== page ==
When a paid-for application becomes free, there are two possible reasons behind: (a) it has sold so well and the developer has made so much money that they have decided to make it free as a gesture of goodwill to society; and (b) it has sold badly.
Grammarly, an application that detects errors in essays, has become free. I’m not going to speculate about the reason behind, but like the couple of other proofreading applications available on the market (including the free Microsoft WORD grammar checker), Grammarly is far from being reliable. In fact, it’s unlikely that a truly reliable grammar-checking application will be available in the next 100 years.
The reason is simple. Human language is infinitely generative. At any second, we may be producing utterances that no other person in the world has ever said before, like this very sentence. Now, although we might think computers are very smart and powerful, they still have to be taught what is a right sentence and what is wrong in a problem sentence. But given the infinitely generative nature of language, so that new sentences are popping up all the time, it is simply impossible to teach computers all possible problem sentences. Hence, no matter how powerful super-computers will become one day, this is an area that we humans can be forever proud of — that we are endowed with this innate capacity for language.
But what about feeding computers with all the grammar rules, and then letting them do the error detections? Well, that works with very simple ‘rules’, such as teaching the computer that if (a) “it’s” or (b) “its” is followed by ‘a/an …’ then (b) is wrong (but I’m sure you can still find some counter examples); or when ‘a’ is followed by a word that ends with ‘s’, this is probably an error (but even so, you will quickly see that there can be a problem, as some singular words end in the letter ‘s’, and then what if a new word enters the English lexicon!). But anything beyond that, the computer is at its wit’s end. We can feed the rules of syntax such as SVO, SVC, SV, etc., into a computer, but computers can’t even analyse a slightly longer sentence into Subject, Verb Phrase, Direct Object, Indirect Object, Complement, Adverbial, Relative Clause, etc. Now, a lot of the grammar errors made by ESL learners have to do with sentence structure (e.g., I very like chocolate), and it is exactly this important area where grammar-checking applications fail.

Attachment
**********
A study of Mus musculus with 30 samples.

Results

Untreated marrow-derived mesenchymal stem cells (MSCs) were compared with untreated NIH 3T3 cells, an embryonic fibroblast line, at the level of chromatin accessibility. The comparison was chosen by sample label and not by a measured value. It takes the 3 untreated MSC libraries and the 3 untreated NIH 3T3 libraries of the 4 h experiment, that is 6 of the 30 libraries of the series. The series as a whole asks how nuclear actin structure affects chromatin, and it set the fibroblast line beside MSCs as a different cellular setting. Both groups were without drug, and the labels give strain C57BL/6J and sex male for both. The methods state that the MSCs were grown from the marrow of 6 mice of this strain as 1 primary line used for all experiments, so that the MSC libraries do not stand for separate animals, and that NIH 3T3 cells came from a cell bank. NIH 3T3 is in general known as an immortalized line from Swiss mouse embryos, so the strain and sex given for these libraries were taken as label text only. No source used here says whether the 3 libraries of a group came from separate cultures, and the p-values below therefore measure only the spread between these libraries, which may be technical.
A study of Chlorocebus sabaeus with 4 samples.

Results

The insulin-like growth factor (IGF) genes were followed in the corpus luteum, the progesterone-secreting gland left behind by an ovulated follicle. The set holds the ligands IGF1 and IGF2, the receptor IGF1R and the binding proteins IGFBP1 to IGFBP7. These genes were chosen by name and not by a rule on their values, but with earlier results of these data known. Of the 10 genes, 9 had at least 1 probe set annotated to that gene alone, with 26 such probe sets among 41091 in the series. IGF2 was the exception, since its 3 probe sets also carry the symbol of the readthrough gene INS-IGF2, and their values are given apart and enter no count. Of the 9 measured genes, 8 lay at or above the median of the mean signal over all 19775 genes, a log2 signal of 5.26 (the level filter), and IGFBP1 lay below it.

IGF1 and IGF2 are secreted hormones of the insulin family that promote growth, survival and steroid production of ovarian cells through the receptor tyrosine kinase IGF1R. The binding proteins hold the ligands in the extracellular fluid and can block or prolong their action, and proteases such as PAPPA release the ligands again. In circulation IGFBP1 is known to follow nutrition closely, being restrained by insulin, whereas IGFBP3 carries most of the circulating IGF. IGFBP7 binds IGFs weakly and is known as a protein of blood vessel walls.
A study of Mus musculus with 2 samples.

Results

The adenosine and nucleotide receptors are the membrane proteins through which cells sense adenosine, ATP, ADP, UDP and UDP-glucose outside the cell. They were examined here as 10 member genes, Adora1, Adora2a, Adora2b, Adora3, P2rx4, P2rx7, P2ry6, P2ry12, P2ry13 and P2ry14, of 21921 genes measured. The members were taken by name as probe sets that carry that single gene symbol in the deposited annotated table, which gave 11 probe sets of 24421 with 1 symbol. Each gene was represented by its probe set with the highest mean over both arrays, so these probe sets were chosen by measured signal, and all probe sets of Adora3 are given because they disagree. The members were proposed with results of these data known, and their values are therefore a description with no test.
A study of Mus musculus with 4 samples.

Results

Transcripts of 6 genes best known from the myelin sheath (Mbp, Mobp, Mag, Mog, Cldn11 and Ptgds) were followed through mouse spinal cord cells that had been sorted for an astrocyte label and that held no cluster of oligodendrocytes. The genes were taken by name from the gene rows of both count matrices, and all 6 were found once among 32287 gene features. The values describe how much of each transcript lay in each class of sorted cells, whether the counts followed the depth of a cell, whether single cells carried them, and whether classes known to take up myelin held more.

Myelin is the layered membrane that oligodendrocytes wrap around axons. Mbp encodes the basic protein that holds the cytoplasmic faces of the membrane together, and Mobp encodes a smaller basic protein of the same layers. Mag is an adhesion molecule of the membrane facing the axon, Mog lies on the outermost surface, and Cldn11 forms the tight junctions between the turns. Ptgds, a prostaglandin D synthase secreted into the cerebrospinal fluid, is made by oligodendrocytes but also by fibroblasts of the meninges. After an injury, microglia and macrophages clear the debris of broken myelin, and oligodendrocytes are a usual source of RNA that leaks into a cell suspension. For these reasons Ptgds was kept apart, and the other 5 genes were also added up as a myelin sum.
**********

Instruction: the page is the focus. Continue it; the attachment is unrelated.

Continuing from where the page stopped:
So, this should be good news for language teachers, because they will never be replaced by computers since they ARE needed to mark and correct students’ compositions. But there is a paradox here for language teachers – how they wish there was a fully reliable error correction programme that could mark all the student compositions for them, so that they don’t have to burn the midnight oil day in and day out, raving at the thousands of tedious mistakes that students make over and over again.